College Hockey Player Comes Out on His Own Terms

Wednesday April 22, 2020

Athletes in different sports and at different levels - from pro sports to college teams - continue to pour out of the closet. The latest. A college hockey player who decided to brave coming out - and his teammates - with a moving letter.

As several other athletes have done, 25-year-old Marian University player and Saskatchewan native Brock Weston came out to a wide audience in a piece published at Outsports. Where some other athletes have authored op-eds at the site - which covers LGBTQ news relevant to athletics - Weston shared the letter he read aloud to his teammates last year.

Weston also shared some backstory about the letter and himself.

Weston wrote that he'd had a "meltdown" one night out of frustration at how some of his teammates had made insinuations about his sexuality, He decided the time had come to take action - by kicking the closet door right off its hinges.

That process began with Weston reading his letter aloud to his teammates:

Fellas,

This is one of the hardest things I've ever had to do. I don't know what to expect and I'm scared.

I'll get it out of the way early and tell you all ... I'm gay.

The letter, which Weston trimmed slightly for publication, went on as follows:

This has been my nightmare for years and to be honest this day has haunted me for months. To hear the things I hear about people like me from you guys and the hockey community has made this nearly impossible. I just hope you understand: I didn't choose this, and I hope you won't turn on me...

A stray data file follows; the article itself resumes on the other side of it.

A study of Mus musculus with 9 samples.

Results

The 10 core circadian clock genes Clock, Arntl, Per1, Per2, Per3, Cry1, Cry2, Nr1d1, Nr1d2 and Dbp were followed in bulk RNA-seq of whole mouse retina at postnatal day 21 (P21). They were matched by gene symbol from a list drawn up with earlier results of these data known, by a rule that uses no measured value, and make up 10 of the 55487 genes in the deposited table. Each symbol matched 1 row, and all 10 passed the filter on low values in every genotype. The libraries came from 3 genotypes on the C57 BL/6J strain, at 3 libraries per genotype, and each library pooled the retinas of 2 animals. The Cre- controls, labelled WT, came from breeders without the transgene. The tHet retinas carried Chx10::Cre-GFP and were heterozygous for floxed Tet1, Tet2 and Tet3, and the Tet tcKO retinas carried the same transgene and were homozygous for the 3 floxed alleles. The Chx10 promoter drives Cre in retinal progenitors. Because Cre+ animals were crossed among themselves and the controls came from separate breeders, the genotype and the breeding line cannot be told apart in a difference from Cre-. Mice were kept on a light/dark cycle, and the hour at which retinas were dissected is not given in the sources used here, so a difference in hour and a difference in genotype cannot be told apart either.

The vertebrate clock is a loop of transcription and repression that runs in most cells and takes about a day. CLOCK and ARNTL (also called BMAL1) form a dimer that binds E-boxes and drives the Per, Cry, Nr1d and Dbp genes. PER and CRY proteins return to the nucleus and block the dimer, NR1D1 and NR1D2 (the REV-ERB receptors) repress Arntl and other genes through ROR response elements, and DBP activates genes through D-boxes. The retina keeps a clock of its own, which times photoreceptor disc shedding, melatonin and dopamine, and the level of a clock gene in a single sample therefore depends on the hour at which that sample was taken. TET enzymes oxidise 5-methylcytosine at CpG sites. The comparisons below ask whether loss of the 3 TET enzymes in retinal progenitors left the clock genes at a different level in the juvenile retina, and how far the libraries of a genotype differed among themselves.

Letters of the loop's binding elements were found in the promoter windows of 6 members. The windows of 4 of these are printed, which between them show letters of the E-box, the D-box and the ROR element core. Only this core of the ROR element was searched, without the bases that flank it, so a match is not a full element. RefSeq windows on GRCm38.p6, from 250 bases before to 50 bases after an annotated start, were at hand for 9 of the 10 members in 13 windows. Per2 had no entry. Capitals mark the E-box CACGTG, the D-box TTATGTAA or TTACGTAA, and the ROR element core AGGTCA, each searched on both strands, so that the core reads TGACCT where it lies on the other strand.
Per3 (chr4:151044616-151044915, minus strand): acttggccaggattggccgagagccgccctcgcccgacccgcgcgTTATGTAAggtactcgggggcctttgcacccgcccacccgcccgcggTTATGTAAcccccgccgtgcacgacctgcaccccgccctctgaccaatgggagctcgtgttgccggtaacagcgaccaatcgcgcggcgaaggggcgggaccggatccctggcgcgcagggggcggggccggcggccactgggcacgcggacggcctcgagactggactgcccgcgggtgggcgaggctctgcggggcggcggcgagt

Growing up as hockey players we are exposed to the locker room talk from a very young age, hearing it from our buddy's crazy dad that says whatever the fuck comes into his head with no regard. We pick it up quickly because we are little sponges. Every guy we've ever played against has been a 'loser' or 'fucking fag' or 'a cocksucker.' You get the picture.

Weston closed out his heartfelt letter with several suggestions for his teammates could be more mindful - and more respectful. Among them:

Just because I am gay does not mean I am coming to the rink and looking around at everyone. This is my home, my family, and that's not how you look at family...

I get the slang and jokes and stuff won't stop right away, but please be a little more courteous.

You can ask me questions because — don't fucking lie to yourself — you've got questions.

Jokes. I'm OK with some. I'll let you know when I've had enough. Just don't make them with ill intent, it's not cool.

Weston suggested that his teammates watch the film "Love Simon," telling them that the comedy-drama, about a gay high schooler, would "hopefully open your eyes a little bit.

Weston ended his missive with this:

If we truly want to be a family, we have to trust each other. I am trusting you guys with what is the biggest secret of my life. I am trusting that it won't be fuel for you guys to be shitty people and hate on me.

Weston joins the ranks of other out and proud sports figures worldwide, including Swiss wrestler Curdin Orlik, Argentine basketball star Sebastián Vega, and University of North Carolina Wilmington basketball coach Matthew T. Lynch.